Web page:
ATHENS – The theory that the threatening words of Turkish President Recep Tayyip Erdogan was hurling at Greece in recent weeks was just domestic political bluster whose purpose was to help him snatch victory from the jaws of defeat in Constantinople’s recent mayoral election was put to the test this week when the Turkish leader continued to raise the stakes.
Showing less and less concern for U.S. positions and Greek admonitions, Erdogan said on Tuesday, “We have four ships in the area and we have taken measures. The prime minister of Greece has been talking on his own, but regardless of what he says, we have rights there,” Erdogan was quoted by Kathimerini.
Even Erdogan’s political opponents chimed in and the leader of a Turkish opposition party, Devlet Bahceli, on Wednesday warned Athens that it is “playing with fire.”
ERDOGAN SPITTING FIRE WHILE LICKING HIS WOUNDS
It was his internal political opponents, however, who were Erdogan’s most salient concern. “In his first public appearance since a crushing defeat in a rerun election for mayor of Istanbul,” AP reported, “Turkish President Recep Tayyip Erdogan on Tuesday vowed to draw lessons and make adjustments in line with ‘the messages given by the people.’”
He was addressing legislators from his party in Parliament, where he congratulated opposition candidate Ekrem Imamoglu, who became Mayor of Constantinople after winning 54.21% of the vote in last Sunday’s election do-over.
“In line with our political understanding, we cannot be angry or hold a grudge or blame the people… we don’t have the luxury of turning a deaf ear and ignoring the messages given by the people,” Erdogan said after the crushing personal and partisan defeat – he presented the election as a referendum on his governance at a time of Turkish economic weakness.
“The win electrified the secular party that has spent nearly two decades in lackluster opposition as Erdogan strengthened his hold on power. The opposition also gained hold of the municipality of the capital, Ankara, in the March 31 local elections,” wrote AP.
TURKEY’S DRILLING OFF CYPRUS A HOT TOPIC
Turkey’s Foreign Minister, however, was free to stray. On the sidelines of a meeting of NATO defense ministers in Brussels on Wednesday, Greek Defense Minister Evangelos Apostolakis explained Athens’ opposition to Turkey’s drilling plans off Cyprus during a meeting with Turkish counterpart Hulusi Akar. “I expressed our objections to their activities in the Aegean and Cyprus’ exclusive economic zone. I reiterated that we want peace and security but will in no way back down from defending our sovereign rights…We want to avoid tension. Besides, this is the purpose of the talks between our technical teams around over the confidence-building measures,” he added, according to Kathimerini.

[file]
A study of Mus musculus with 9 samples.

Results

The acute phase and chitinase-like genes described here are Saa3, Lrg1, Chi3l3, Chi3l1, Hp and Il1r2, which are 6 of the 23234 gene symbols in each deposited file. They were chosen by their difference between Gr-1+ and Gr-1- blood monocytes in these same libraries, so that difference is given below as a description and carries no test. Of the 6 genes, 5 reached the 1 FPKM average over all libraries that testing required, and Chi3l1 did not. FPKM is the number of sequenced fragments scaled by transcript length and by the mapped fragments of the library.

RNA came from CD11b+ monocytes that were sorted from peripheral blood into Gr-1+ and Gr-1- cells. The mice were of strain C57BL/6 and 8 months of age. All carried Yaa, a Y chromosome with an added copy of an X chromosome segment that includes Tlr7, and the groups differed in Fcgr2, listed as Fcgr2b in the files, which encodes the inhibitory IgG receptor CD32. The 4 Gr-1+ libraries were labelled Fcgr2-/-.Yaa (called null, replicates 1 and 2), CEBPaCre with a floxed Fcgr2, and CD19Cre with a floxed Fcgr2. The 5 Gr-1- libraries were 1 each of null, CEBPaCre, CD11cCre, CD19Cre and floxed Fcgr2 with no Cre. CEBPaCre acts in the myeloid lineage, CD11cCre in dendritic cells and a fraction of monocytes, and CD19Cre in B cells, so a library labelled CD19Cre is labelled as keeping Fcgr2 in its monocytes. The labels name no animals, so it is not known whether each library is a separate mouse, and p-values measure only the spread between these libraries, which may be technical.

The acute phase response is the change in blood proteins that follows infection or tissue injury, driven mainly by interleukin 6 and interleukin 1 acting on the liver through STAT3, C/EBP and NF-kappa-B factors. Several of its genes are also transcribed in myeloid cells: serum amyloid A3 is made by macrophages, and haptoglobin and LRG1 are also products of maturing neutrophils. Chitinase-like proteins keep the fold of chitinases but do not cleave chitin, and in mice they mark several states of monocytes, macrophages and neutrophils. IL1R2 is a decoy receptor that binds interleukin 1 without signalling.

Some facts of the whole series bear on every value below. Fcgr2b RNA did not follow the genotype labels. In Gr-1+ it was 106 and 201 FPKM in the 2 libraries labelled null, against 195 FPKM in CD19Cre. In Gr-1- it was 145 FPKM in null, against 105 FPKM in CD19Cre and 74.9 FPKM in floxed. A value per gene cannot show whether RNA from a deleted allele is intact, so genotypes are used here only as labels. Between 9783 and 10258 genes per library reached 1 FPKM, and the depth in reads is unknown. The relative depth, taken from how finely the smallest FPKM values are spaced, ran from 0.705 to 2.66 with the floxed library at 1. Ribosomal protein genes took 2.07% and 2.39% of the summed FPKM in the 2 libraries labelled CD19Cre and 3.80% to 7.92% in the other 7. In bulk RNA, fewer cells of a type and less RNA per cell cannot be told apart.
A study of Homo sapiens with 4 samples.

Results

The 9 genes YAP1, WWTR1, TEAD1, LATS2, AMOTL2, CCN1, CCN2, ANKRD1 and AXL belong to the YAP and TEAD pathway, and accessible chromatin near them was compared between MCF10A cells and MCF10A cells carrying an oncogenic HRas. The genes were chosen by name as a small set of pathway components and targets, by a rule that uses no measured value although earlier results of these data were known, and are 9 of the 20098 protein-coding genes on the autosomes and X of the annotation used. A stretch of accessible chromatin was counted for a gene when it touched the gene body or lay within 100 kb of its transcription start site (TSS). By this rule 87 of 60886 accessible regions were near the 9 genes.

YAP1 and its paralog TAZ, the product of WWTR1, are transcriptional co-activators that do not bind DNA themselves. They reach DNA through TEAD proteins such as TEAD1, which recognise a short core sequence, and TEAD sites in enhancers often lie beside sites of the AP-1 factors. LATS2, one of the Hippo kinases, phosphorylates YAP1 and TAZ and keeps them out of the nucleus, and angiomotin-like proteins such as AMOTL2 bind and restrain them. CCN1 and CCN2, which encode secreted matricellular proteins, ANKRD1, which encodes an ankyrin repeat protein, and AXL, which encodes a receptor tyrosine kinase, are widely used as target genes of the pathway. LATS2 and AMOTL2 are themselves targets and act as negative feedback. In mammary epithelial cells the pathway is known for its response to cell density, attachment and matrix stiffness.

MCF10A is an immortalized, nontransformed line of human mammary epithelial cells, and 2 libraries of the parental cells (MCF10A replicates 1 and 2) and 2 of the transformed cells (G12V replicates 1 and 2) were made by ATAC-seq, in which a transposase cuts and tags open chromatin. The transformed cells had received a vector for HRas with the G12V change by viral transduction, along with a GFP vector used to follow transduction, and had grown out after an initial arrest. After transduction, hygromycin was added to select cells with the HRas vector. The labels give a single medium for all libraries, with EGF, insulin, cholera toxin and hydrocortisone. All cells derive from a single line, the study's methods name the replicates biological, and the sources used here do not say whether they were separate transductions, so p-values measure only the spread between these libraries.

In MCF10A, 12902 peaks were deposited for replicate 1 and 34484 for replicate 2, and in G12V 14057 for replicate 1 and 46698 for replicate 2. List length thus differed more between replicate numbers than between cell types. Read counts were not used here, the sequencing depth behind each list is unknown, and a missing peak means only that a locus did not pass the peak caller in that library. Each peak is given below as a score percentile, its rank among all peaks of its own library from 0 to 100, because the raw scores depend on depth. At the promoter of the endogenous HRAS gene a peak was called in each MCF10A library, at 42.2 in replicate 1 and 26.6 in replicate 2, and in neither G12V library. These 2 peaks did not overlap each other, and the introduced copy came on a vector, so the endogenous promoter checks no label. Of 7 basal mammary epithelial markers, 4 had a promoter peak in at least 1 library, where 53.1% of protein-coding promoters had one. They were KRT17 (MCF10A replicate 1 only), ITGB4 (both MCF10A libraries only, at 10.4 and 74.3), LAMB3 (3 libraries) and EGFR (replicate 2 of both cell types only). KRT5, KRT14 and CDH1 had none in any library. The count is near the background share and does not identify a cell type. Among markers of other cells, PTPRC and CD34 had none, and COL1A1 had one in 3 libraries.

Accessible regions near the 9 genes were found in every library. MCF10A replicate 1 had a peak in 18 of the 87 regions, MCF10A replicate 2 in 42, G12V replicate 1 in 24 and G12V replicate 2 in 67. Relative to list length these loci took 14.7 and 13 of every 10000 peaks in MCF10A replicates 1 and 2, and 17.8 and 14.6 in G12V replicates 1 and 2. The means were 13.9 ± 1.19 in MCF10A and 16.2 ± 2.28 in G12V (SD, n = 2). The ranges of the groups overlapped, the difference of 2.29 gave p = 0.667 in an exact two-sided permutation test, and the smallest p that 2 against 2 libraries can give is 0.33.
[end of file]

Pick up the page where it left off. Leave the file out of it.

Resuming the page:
Earlier on Wednesday Greece’s National Council for Foreign Policy discussed measures the European Union is considering taking against Turkey over its drilling plans.
U.S. ALSO ISSUES MORE WARNINGS
On another front that does not bode well for stability in the Eastern Mediterranean, Kathimerini reported that “Acting U.S. Defense Secretary Mark Esper made it clear to Turkey on Wednesday that it will face economic sanctions if it goes ahead with the purchase of a Russian missile defense system, as the standoff between the two NATO allies dragged on.”
Esper met with Turkish Defense Minister Hulusi Akar during a NATO meeting this week and reinforced the U.S. message regarding the S-400, declaring that if Turkey buys the system, “it will not be allowed to buy the high-tech F-35 fighter jet. The meeting, however, ended with no discernible results,” according to AP.
Turkey is rejecting ultimatums from Washington and insists that the purchase is a done deal. The U.S. considers the Russian system a threat to the fighter jet, justifying dropping Ankara from the F-35 program if it buys the S-400. It was instead offered the American-made Patriot missile defense system as an alternative.
Esper, explained to reporters that, “Turkey has been a longstanding and trusted partner and ally for many, many years,” but that “the pursuit of the S-400 undermines that.”
According to AP, “The U.S. has already stopped training Turkish pilots on the F-35, and given Ankara until the end of July to get its personnel out of the U.S.”
The topic is expected to come up in the next few days during an expected meeting between President Donald Trump and Tayyip Erdogan during the Group of 20 meeting in Japan.
Erdogan expressed his view to reporters on Thursday “If NATO allies are now imposing sanctions on each other, I don’t know anything about that,” Erdogan said. “These are not impressions I got from the talks I have had with Mr. Trump until now.”
Material from Naftemporiki, the Associated Press and Kathimerini was used in this article.